This transition can be challenging for many reasons: extroverts may miss their bustling offices, parents have new, very demanding underage officemates, and communication can be more difficult when people aren’t in the same room.

That said, there are ways to optimize your situation so you can continue to be productive and happy. We polled our international team for their best advice for working from home, and wanted to share their great insights:

Set up your workspace.

GSG’s CEO Dan L’Abbe’s #1 piece of advice is to set aside a specific space in your home for your workspace. He emphasized that even if it’s just a small space in the corner of your kitchen or bedroom, having a dedicated work area provides a clear separation between work and home. “When you enter your workspace you can change your mindset to be focused on work. It also allows the rest of your house to still be your home and sanctuary, so you don’t feel like you’re at work 24/7.”

Other team members recommended bringing some of the comforts of the office to your home if you can. Jeremy Overaker, our Global Talent Acquisition Manager, said having an office chair, desk, mouse, monitor, etc. has made a huge difference in his ability to continue to perform at the same level as when he’s working from an office. If that’s an option for you, it’s worth pursuing.

Keep a set schedule – including breaks!

Another common theme among the GSG team is the importance of keeping a regular schedule – and including time for breaks.

Account Director Matt Kussman notes that he sticks to a routine each day, waking up at the same time and arriving at his workspace at the same time to create consistency. That said, he also takes 10-15 minutes every few hours to get outside, get some quick exercise in, or just get his blood flowing. Executive Director of the Talent Acquisition team, David Gonzalez takes it a step further, and calendars in “Me time” to stretch, exercise, and eat. Otherwise, he noted, it’s too easy to spend 8 hours in the same position looking at the same screen.

Other team members noted the value of getting ready each day, and keeping their morning routines as close to “normal” as possible. If you normally exercise before work, don’t let working from home break that routine! And while you may trade your suit for something a little more comfortable, wearing real clothes (and not sweats) can really help you turn your “work brain” on.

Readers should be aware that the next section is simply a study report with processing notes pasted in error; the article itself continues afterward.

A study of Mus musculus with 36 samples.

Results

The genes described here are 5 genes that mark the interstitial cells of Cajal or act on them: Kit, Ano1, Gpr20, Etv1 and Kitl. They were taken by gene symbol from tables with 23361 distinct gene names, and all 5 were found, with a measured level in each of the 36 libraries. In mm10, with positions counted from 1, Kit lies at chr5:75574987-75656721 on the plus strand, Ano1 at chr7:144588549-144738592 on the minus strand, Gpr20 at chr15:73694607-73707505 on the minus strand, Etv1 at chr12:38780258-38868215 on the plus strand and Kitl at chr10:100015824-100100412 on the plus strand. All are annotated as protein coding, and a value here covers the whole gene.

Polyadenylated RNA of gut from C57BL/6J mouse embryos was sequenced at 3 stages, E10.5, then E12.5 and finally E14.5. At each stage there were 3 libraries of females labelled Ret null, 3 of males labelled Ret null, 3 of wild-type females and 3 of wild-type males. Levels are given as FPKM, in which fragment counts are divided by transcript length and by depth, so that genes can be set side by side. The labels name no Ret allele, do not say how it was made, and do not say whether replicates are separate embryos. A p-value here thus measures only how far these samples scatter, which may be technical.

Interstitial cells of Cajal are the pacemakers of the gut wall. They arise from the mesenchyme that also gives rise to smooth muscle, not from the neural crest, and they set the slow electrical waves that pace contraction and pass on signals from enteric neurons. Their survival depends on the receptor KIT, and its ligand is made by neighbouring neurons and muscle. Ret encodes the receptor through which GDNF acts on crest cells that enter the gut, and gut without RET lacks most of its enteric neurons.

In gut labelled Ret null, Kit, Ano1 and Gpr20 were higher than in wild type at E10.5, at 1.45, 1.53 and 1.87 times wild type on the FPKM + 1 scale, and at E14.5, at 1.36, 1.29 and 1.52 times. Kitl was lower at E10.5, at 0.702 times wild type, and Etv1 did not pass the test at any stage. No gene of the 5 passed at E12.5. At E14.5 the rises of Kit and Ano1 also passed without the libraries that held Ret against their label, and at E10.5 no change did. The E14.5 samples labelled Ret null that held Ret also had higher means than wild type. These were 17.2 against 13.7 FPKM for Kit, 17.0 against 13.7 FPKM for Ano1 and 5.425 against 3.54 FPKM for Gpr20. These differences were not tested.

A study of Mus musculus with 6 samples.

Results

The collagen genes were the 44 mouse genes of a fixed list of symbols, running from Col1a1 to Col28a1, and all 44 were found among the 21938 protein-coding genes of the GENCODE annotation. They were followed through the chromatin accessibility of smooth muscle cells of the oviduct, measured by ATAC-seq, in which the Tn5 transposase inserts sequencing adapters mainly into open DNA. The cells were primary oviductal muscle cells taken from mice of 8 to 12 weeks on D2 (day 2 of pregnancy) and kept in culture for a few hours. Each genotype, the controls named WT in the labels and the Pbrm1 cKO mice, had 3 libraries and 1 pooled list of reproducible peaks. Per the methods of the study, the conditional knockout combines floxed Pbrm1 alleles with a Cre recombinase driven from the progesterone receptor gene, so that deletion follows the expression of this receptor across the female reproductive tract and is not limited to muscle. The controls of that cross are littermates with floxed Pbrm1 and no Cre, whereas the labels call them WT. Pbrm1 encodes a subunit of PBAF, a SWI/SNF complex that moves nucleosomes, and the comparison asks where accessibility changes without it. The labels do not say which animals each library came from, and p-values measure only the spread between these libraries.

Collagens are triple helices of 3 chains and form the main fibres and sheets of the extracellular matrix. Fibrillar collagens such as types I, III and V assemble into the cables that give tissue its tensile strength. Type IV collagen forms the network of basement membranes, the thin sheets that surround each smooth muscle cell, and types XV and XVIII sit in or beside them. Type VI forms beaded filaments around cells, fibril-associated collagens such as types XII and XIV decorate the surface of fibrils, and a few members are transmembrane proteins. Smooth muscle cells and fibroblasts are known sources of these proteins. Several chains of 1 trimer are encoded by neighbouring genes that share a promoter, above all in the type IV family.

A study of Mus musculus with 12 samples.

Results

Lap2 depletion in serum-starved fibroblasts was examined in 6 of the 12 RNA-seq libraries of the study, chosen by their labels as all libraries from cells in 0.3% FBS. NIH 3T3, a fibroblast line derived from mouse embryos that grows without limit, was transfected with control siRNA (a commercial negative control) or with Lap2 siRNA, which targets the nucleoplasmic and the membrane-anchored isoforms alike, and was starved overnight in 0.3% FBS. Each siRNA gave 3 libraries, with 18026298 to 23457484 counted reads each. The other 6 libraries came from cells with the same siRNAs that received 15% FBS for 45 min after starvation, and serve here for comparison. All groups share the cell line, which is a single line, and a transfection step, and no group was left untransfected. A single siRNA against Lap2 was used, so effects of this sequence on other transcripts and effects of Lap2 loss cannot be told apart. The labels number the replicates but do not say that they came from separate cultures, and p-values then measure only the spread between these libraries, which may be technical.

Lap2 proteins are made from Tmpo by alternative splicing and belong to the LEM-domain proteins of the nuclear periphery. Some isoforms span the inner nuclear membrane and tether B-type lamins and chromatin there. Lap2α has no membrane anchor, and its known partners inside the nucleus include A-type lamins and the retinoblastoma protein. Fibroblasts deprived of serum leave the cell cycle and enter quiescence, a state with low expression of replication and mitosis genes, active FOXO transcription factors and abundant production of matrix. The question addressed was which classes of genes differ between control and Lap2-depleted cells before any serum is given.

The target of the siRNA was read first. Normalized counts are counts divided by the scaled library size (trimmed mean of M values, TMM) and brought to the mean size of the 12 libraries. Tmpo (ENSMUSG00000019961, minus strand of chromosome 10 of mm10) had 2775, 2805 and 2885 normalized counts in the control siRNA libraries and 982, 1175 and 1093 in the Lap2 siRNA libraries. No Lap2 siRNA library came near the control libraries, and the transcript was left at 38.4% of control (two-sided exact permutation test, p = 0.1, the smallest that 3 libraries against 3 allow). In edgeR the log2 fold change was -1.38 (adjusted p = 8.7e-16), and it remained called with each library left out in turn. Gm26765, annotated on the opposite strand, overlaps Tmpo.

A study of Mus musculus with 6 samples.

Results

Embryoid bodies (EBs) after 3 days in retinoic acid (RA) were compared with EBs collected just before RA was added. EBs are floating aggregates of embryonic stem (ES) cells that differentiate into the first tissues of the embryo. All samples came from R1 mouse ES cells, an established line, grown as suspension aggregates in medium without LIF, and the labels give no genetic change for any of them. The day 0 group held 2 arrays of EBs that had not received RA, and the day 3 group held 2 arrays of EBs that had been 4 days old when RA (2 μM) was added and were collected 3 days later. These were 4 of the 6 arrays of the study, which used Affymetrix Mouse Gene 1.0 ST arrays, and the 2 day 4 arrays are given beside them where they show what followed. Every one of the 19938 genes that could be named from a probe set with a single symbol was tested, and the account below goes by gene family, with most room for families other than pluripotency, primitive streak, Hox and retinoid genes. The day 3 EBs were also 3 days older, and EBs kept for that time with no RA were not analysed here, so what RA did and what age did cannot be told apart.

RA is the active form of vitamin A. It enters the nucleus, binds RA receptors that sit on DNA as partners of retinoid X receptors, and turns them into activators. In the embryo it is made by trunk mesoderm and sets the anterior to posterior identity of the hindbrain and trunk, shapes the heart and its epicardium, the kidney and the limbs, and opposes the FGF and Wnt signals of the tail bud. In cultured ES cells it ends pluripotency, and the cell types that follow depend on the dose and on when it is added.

Plan your day

Astrid Gravenor, a Recruiter based in our Cape Town office, starts each day by making a detailed plan with her tasks and priorities, which she says gives her day “shape and purpose.” Emthias Asin, a Senior Recruiter based in Bangalore, echoed her sentiments, saying he creates a game plan for each day with prioritized tasks. When there are interruptions, from his toddler or other distractions, he can refer back to the list to get back on track quickly.

Set boundaries

For people living with partners, spouses or roommates, setting boundaries and figuring out what works for everyone is important. Our Finance & Payroll Manager, Fannie Yao, said having a roommate who is also working from home with a similar schedule has helped it feel more like she’s in an office, “like having a coworker but we work for different companies.”

For others, minimizing interruptions is crucial: Matt said he’s let his family know that even though he’s home, he is working, and “they should treat it like I am at the office, like any other day.” Jeremy added that in his home, “when the door is closed, don’t come a-knocking!” Senior Recruiter Galawezh Mostofi has enjoyed working from home with her husband, but noted that when they are both on the phone they go to separate rooms.

Working with kids

If you have children at home, it can add a whole new level of coordination and adaptation. Account Director Kara King shared that she has her school-aged daughters make up their own schedule each day, just like she does for herself. “Having them create their schedule gives them some control back, and builds a foundation for good habits moving forward. They love following the agendas they write for themselves, and earn technology breaks for getting things done.”

Other parents recommended Cosmic Kids yoga videos from Youtube, and mixing play time with learning time throughout the day. And remember – there’s no perfect way to work from home, be a parent and be a teacher at the same time! Give yourself grace and find a structure that works for you.

Stay positive

Remember, if you’re adapting to working from home that means you have a secure job in a time of record unemployment, and the privilege of slowing the spread of Covid-19 spread in your community. When you start to feel down or overwhelmed, turn off the news, take a deep breath, and write down 5 things you’re grateful for. It may feel cheesy, but studies have shown that cultivating gratitude can improve your outlook and well-being – and there’s always something to be thankful for!